Seconds often make the difference between life and death and new technology makes the difference…
Pesach seemed heavier this year. I’m not talking in terms of the tremendous amount of food that was consumed or the seemingly endless lifting, bending, scrubbing, scouring and cooking that is part and parcel of pre and post Passover preparations as well as during the chag.
It was heavy emotionally. In the weeks, days and evening hours leading up to the holiday, the Yom Tov mood of many communities was subdued, even shattered, by numerous heart-breaking tragedies. In New York, New Jersey, Toronto and in Israel, there were unexpected, searing losses for several families. In Israel alone, according to a report in the Jerusalem Post, there were 167 traffic fatalities since January. One can only guess how many irreversible, life-changing injuries there were, as well.
For too many families at the seder table this year, there were unoccupied chairs.
How these families can reconcile their horrific losses and ‘celebrate’ yitzeat Mizrayim – our emancipation from the bonds of slavery can only be understood as being the ultimate testament of faith. For them there will never be ‘freedom’ from grief, guilt and the haunting contemplation of what could have been. As they go to simchas such as weddings, birthdays and holidays they will never be free of emotional pain. Feelings of anguish will envelope them like a noose that will choke and cut off whatever joy they might muster. Especially if those who they lost were children. It doesn’t matter how young or old children are – for no matter what age they attained when they were niftar, they were the sons or daughters of their mothers and fathers.
I remember an incident that took place years ago at my oldest son’s bris that took place in a small shul in a small town in Pennsylvania whose congregants were for the most part quite elderly. A wizened old man approached me and mumbled something in Yiddish that startled me and made me wonder if I had heard right. He said, “May your children sit shiva for you.” Stunned I looked at him as he smiled and shuffled away. Did this stranger basically tell me to drop dead? I decided he was demented or senile and shrugged it off. However in the days and months that followed as I held a baby burning up with fever, or who banged his head as he rolled off the bed, I understood that this wise old man had given me an incredible bracha. He had blessed me not to outlive any of my children. To not have to bear the unbearable.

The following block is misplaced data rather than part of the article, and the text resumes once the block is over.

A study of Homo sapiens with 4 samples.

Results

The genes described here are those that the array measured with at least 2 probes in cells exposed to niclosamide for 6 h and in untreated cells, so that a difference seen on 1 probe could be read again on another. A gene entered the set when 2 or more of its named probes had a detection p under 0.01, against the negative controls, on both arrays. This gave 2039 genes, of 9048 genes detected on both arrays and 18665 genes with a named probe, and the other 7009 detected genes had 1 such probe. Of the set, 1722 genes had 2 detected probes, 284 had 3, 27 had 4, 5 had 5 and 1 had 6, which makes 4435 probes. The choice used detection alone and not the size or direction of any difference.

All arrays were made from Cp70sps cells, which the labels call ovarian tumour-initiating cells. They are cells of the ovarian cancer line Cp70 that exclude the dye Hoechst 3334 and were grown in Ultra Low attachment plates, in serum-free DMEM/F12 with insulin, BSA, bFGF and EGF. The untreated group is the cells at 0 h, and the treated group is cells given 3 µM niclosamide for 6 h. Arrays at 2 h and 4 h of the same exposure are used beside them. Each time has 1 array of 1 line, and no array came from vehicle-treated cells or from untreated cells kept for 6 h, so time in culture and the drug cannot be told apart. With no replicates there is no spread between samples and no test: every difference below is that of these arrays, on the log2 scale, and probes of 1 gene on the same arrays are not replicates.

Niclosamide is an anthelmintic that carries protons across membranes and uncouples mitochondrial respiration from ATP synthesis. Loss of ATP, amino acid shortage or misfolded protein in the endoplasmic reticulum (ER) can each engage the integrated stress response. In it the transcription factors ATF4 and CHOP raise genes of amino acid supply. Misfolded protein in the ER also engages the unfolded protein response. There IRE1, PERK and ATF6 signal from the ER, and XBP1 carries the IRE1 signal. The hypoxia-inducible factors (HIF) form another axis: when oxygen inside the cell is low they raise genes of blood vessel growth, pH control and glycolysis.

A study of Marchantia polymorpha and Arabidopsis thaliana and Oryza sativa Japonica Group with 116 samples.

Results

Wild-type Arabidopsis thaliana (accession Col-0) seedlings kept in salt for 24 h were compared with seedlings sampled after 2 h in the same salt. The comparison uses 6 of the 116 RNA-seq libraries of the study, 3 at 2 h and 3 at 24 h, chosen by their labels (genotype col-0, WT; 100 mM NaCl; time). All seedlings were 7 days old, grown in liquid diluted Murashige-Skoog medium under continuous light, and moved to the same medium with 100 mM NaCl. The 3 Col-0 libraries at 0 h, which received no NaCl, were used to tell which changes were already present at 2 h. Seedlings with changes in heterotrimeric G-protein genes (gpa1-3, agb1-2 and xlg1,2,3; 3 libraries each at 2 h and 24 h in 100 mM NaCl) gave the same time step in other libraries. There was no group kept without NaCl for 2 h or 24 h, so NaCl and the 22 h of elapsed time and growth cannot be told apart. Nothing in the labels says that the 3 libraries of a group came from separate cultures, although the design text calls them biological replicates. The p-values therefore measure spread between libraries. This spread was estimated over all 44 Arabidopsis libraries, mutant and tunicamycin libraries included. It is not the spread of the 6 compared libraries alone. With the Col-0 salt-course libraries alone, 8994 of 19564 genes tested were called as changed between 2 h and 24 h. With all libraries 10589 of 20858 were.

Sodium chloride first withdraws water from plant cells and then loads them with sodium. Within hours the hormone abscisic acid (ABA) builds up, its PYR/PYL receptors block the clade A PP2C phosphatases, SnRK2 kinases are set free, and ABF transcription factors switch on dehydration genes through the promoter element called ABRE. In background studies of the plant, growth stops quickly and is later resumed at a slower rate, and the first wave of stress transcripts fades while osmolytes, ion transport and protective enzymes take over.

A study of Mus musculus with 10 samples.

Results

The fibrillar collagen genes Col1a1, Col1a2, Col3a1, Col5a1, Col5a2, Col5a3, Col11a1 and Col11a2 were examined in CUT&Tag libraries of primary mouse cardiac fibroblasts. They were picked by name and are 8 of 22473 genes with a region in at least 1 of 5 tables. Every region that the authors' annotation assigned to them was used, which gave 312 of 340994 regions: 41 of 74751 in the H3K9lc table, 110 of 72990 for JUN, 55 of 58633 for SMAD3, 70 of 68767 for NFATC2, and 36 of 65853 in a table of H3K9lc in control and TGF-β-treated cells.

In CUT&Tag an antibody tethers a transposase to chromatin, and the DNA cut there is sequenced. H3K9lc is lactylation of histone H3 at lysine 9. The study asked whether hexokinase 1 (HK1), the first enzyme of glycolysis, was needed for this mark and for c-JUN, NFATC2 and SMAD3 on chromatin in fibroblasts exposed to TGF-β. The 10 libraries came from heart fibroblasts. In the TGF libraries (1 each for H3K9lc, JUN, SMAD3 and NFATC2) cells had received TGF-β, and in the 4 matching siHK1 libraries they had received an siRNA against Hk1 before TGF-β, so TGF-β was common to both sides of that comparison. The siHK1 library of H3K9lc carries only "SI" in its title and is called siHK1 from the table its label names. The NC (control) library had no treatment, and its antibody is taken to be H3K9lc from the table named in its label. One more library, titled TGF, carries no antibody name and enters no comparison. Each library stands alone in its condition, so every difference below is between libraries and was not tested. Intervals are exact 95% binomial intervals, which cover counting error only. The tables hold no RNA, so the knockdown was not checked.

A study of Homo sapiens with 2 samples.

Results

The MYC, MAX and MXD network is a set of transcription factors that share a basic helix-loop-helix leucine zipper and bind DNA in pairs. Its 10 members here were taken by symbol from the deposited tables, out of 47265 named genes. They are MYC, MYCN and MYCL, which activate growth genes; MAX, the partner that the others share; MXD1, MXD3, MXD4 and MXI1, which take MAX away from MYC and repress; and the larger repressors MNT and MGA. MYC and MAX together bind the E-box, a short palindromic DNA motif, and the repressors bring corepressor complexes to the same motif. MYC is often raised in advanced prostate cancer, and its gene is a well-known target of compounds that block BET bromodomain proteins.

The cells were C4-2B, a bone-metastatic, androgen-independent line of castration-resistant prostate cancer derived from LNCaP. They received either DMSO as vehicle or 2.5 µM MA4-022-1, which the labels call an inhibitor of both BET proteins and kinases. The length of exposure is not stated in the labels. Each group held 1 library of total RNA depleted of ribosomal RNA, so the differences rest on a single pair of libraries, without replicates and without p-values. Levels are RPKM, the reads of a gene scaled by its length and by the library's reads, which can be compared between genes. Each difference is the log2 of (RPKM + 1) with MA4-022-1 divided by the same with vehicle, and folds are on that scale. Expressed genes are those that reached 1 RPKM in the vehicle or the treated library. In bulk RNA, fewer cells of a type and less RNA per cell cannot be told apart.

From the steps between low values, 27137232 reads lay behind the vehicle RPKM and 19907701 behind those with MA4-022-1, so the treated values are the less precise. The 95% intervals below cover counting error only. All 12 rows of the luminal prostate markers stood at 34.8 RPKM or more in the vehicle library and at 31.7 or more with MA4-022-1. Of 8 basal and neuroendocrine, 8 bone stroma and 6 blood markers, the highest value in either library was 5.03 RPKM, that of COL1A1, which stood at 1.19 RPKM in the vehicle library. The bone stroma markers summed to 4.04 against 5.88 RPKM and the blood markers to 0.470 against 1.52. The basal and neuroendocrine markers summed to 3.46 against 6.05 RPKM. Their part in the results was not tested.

It was a concept I had understood from a young age. When I was about 9-10 years old, I remember looking out of my bedroom window and looking upward. I would ‘talk’ to G-d, pleading and at the same time insisting that during my parents’ lifetime, nothing “bad” would happen to their children and future grandchildren. I already comprehended that losing a child was the ultimate human tragedy and as Holocaust survivors I pointed out to Hashem that they had paid their ‘dues’ and had suffered enough for five lifetimes. For them “Dayenu” – no more anguish or loss.
I am grateful of G-d that so it came to be. When my father Chaim ben Aron Yosef HaCohen passed away Rosh Chodesh Kislev five years ago, and when my mother was niftar two years ago 25th of Nisson, they left behind an intact family of children, grandchildren and great-grandchildren. Some of their peers were not so lucky. Many of the survivors who moved to the fledgling State of Israel, ended up burying sons and grandsons who were killed defending their beloved country against the Amaleks of the Middle East. And then there are the thousands murdered by homicide bombers being mourned by older generations.
As we remember the Shoah this week, we must acknowledge the kiddush Hashem of all the Survivors – especially those who made aliyah – who had the bitachon and faith in G-d to start over again, making themselves vulnerable to possible grief and anguish. Their love of G-d was so unquestioning that they accepted Hashem’s unfathomable actions and incomprehensible ways, and put themselves in a position where they could suffer life-wrenching loss again.
I am grateful to Hashem that my parents were not tested again. To those of my generation and my children’s, and to those who are old enough to understand horrific loss – and have sadly experienced it, may your faith in Hashem grow. So that even though you will never understand His plans and His mystifying actions, you will at least find comfort in the knowledge that one day it will all make sense. Know that the time will come when you will be reunited with your loved ones for eternity, and live in a Perfect World, praising Hashem’s wisdom.